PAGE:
Hero-Careers

The different roads of a health career

Don’t believe everything that you hear on the news – there has never been a better time to get into the health industry. While acknowledging the uncertainty brought on by the repeal of the Affordable Care Act, a recent report from PricewaterhouseCoopers called 2017 “a year of opportunity” in health care – the paper cites exciting developments in technology and a continued shift towards nutrition as a preventative measure as evidence.

If you’re thinking about getting into the health industry but are unsure on where the road may lead, don’t worry. As the health-care sector has developed and diversified over the past few decades, so too have the number and range of routes into and through the industry.

Here are just a few of the potential entry points – and where they could end up taking you.

Bachelor’s in Nursing (BSN)

The US is crying out for more nurses. On top of a decades-long shortage, the aging population now means that this problem is about to get much worse. If you have designs on working in the health industry, earning a bachelor’s degree in nursing will offer an entry point – and with it, opportunity for further advancement in the industry.

For example, while you may start out as a registered nurse, it’s possible to move up through the rungs to roles such as clinical nurse specialist or nurse practitioner through experience and further education. A BSN can help you land work as a:

  • Nurse case manager.
  • Intensive care unit registered nurse.
  • Travel registered nurse.
  • Operating room nurse.
  • Staff nurse.
  • Home care registered nurse.
  • Per diem nurse.
  • Post-anesthesia care unit registered nurse.

While it’s not a common route through medicine, many doctors also started out as nurses – for example, working as a registered nurse while studying at medical school.

Master of Science in Nursing Degree (MSN)

An MSN is often the next step in a nurse’s education after they have completed their BSN or Associate of Science in Nursing (ASN).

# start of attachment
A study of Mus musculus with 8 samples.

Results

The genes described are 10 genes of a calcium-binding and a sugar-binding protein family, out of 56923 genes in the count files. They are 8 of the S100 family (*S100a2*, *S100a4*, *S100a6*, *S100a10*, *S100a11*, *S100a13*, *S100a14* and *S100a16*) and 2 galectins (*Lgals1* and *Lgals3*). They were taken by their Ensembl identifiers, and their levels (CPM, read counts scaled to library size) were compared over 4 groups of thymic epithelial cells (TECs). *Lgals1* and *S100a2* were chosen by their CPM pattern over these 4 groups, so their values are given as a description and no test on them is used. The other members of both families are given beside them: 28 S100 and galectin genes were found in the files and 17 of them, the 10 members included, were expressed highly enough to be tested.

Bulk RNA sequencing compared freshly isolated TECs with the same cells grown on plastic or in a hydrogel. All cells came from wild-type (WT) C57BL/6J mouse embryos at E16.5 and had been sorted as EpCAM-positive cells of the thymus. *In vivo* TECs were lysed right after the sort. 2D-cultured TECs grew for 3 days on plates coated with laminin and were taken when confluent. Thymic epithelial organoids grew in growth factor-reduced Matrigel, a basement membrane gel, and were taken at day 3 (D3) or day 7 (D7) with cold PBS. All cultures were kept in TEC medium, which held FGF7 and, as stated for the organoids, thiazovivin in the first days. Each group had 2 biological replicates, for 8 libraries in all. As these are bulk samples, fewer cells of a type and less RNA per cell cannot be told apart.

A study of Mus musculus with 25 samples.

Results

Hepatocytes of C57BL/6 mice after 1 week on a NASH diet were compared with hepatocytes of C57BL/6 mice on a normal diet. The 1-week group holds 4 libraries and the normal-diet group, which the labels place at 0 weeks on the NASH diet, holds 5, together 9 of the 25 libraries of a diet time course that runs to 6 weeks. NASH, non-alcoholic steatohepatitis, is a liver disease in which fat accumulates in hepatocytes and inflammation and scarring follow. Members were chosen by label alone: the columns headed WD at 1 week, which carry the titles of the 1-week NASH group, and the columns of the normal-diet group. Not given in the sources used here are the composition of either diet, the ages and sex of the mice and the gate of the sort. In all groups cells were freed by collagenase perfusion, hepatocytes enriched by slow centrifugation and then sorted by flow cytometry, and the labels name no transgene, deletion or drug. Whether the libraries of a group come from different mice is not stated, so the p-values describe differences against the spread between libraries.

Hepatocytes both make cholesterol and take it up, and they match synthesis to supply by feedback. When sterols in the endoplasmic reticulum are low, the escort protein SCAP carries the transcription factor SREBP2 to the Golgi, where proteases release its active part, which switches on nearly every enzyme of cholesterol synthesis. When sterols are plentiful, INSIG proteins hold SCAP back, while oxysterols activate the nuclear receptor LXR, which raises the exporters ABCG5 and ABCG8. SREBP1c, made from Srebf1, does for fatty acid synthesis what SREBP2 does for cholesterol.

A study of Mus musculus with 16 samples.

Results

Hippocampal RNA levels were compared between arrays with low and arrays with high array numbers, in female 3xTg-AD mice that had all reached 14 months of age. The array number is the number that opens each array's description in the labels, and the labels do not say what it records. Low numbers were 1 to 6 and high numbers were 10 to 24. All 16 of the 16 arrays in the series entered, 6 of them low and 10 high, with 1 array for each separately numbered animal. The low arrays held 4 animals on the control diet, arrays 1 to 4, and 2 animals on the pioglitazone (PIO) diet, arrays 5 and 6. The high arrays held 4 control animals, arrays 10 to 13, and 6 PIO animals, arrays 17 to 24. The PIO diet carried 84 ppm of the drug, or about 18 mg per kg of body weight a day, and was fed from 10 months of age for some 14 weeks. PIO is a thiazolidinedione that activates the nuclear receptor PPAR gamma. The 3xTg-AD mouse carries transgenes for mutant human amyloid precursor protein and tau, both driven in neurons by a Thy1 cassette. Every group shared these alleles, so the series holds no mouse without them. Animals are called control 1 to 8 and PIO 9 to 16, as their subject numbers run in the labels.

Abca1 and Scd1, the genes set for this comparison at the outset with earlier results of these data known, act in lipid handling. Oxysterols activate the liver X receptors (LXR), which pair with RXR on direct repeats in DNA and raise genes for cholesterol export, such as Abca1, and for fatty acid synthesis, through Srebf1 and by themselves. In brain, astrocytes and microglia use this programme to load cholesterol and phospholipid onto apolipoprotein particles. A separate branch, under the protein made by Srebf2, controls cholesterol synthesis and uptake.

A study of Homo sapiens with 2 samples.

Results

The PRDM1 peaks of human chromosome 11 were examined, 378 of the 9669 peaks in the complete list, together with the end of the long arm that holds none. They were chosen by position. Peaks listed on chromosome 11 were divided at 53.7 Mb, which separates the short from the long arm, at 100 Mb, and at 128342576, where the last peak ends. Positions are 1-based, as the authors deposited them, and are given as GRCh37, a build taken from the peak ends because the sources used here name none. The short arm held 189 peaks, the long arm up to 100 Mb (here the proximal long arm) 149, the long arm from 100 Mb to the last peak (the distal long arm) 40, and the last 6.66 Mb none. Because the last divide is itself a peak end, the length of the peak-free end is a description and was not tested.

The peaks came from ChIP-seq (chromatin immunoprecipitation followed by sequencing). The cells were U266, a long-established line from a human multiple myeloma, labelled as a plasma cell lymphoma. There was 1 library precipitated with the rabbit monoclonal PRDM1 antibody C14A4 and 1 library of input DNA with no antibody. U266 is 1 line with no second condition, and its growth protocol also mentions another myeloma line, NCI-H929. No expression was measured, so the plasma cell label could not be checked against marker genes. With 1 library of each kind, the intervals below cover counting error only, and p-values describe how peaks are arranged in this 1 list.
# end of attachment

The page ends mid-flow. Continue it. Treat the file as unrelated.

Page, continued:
MSN degree programs usually take two years to complete and require a BSN degree as a prerequisite. While it’s not common, some MSN courses may allow entry if you hold a health-related bachelor’s degree – rarer still are MSN courses that offer places to holders of any bachelor’s degree.

MSN students usually first cover a general nursing curriculum, enabling students to become a registered nurse before moving on to further study. MSN candidates will then usually focus on a particular area of nursing, such as administration, clinical leadership, practitioner, or educator. Their studies will cover units such as nursing theory, clinical practice, research, management, and informatics, as well as physical and social science.

Holding an MSN opens the door to working as a:

  • Clinical nurse specialist.
  • Critical care registered nurse.
  • Nurse practitioner.

Doctorate of Nursing Practice (DNP)

Earning a DNP is a great way to open the gate to a lifetime in the health-care industry. Don’t be thrown by the name – a DNP doesn’t necessarily mean that you’ll be working in a hands-on nursing role. For nurses who have completed their MSN, a DNP is ideal for those who want to lead. This is because a DNP degree (you can study this degree online at an institution such as Maryville) can lead to a variety of exciting career paths:

  • General medical and surgical hospitals

Earning a doctorate in nursing will enable you to have a larger role in treatment plans when working in a general or surgical hospital. You’ll be able to undertake research to help understand, influence, or develop new health-care policies in your hospital.

  • Public health

Your DNP means that you can potentially join the ranks of nurses educated to doctorate level who have become public health experts. A challenging and rewarding arena, working in public health gives you the potential to influence changes in policy and affect wide-reaching health issues.

  • Research

Working in a research facility is just one of the many doors that a DNP qualification can open. Further study for a PhD in nursing would enable you to have direct involvement in conducting important health research.

  • Independent practice

At some point, many DNP holders may consider “going it alone.” This is because it offers advanced practice nurses a rewarding challenge and a chance to make key decisions in their own practice. While it’s not for everyone, a DNP qualification, solid experience, and a keen business sense can be all that it takes to open your own independent practice.

  • Physicians’ offices

Earning your DNP means that you can work in higher-paying management roles in a physician’s office – perfect for those who want to work in a smaller practice but don’t want to branch out on their own.

As you can see, there are a number of different career choices for someone working in health care. If you are interested in pursuing a career in this field, why not look further into gaining the required qualifications?